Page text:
Chinese interest in ad tech is more about financial hedges than anything else

If winter is coming for ad tech, it doesn’t seem all that bad of an autumn. There have been up to a dozen $100 million-plus acquisitions in the sector so far this year — the most recent was Salesforce buying Krux for between $650 million and $750 million — and the seller’s market has been helped by a new crop of acquirers: Chinese companies.

Last week, Chinese private equity firm Orient Hontai Capital acquired Palo Alto-based mobile ad startup AppLovin at the price of $1.4 billion. And in recent months, a consortium of Chinese investors purchased New York-based ad tech company Media.net for $900 million in August and Opera Browser for $600 million in July. Beijing-based marketing company Spearhead also bought mobile ad exchange Smaato for $148 million in June.

While there are digital media dynamics of the Chinese market driving these deals, other factors with nothing to do with the ad tech sector are at play.

“The ad tech sector is quite hot in the Chinese capital market right now,” said Si Shen, CEO of Chinese mobile tech firm Papaya Mobile that is looking to buy a U.S. programmatic platform this year.

While she declined to discuss financial specifics of Papaya’s new ad tech deal, Shen believes that the trend of Chinese companies acquiring ad tech firms globally is going to continue. “The acquirers are not just going to be Chinese ad tech companies but also Chinese media companies and the investment funds of Chinese public companies,” she said.

“It is inevitable that Chinese companies will have to look to foreign markets for growth and profits,” said Michael Wade, professor of innovation and strategy for IMD Business School. “I think this will happen both through acquisition and through organic growth.”

And Chinese companies can easily make a profit through earnings arbitrage, because they can gain higher multiples (how much investors are willing to pay per dollar of earnings) in China than what U.S. firms can get here or in Western markets, according to Ben Tregoe, svp of business and corporate development for ad automation software Nanigans.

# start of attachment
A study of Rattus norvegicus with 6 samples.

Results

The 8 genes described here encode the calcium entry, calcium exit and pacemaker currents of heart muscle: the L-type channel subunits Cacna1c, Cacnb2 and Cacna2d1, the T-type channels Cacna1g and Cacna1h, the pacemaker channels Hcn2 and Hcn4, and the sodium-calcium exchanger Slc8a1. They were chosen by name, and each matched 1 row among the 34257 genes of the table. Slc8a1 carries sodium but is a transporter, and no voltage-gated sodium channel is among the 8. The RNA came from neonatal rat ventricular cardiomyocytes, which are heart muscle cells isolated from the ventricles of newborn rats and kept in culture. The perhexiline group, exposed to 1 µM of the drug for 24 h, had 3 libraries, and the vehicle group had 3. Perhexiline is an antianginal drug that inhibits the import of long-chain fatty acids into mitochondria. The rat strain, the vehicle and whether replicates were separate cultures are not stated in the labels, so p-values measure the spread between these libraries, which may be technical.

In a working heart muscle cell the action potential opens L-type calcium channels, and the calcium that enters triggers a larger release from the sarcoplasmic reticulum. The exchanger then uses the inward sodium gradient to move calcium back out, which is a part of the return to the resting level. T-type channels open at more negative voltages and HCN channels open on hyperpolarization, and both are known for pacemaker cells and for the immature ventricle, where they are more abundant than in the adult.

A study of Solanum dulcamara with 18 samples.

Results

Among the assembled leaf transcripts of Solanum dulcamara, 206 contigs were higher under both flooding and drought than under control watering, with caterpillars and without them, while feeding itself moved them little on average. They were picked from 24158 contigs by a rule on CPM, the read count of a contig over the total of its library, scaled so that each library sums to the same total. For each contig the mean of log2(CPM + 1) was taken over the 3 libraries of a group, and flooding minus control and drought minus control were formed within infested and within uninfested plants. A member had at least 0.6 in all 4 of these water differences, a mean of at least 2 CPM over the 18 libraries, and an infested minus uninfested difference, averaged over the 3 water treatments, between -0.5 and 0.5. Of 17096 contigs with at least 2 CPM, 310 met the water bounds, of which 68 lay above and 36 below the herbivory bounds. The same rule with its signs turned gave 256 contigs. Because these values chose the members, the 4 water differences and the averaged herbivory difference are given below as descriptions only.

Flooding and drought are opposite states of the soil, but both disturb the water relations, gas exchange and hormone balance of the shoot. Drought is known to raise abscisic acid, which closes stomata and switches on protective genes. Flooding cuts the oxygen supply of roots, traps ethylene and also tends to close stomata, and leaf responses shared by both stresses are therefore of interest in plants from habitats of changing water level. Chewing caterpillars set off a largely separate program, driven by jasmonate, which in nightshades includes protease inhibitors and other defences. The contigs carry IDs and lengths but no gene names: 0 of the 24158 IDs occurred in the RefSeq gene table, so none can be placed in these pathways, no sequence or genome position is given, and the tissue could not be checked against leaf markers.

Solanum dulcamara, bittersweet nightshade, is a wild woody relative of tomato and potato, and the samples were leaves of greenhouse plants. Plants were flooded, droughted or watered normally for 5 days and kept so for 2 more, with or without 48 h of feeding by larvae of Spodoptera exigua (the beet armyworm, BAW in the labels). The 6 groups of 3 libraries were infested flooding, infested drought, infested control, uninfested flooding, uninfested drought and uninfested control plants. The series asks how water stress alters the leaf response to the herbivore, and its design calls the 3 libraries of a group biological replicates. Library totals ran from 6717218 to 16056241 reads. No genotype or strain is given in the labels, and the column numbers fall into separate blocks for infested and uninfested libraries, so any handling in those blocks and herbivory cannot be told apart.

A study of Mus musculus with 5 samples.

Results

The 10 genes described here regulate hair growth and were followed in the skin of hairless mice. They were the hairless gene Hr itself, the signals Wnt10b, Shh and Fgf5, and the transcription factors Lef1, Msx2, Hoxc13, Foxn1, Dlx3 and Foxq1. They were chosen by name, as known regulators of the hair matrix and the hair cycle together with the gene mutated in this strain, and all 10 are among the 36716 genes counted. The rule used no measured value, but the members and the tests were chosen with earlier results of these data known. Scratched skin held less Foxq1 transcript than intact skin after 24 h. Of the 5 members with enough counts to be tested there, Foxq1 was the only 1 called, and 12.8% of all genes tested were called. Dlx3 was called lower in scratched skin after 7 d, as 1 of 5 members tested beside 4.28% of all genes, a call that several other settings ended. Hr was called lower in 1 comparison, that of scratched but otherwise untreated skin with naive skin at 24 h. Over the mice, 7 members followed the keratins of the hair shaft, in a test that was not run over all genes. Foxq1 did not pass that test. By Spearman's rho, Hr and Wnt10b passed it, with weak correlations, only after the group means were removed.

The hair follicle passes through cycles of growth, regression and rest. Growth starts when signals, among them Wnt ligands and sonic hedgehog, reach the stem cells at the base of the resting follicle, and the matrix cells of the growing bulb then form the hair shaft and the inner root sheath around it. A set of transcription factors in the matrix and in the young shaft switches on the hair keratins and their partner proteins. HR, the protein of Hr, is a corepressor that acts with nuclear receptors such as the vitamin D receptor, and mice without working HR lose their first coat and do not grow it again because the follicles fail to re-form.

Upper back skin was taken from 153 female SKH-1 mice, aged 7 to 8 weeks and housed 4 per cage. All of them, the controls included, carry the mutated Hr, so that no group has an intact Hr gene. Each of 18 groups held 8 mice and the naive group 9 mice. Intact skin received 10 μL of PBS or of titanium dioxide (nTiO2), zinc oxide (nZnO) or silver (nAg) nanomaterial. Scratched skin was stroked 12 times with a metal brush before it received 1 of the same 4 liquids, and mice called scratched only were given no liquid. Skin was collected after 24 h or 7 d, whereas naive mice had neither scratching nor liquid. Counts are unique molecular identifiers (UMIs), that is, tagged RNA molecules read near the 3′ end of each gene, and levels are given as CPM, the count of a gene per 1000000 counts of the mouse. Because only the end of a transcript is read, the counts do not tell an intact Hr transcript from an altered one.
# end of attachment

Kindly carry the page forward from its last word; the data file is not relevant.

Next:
“A Chinese company can pay a lower multiple for a U.S. company. Once the Chinese company completes the transaction and takes that [earnings] onto its books, it can get a higher multiple from the Chinese market. So it’s an instant win for the Chinese company,” Tregoe explained. “It’s important to note that these types of financially driven deals are for rapidly growing [U.S. ad tech] companies that are generating profits.”

There’s also an economical play. The recent economic slowdown and stock-market rout in China, as well as the devaluation of yuan, are pushing Chinese entrepreneurs to invest abroad, and ad tech is great for asset diversification, according to Ari Paparo, CEO for ad tech startup BeeswaxIO.

“If you have lots of revenue and investments in yuan and want to protect against devaluation, buying a cash-flow positive business in dollars or euros is attractive, even at a premium,” Paparo explained. “And when you invest in ad tech, there are no regulatory issues. If you invest in manufacturing, you may need to worry about the political environment, for example.”

Chinese companies’ acquisitions of ad tech firms globally will likely to gain momentum. China’s foreign direct investment in the U.S. reached more than $15 billion last year, and it is estimated to double this year, according to research company The Rhodium Group.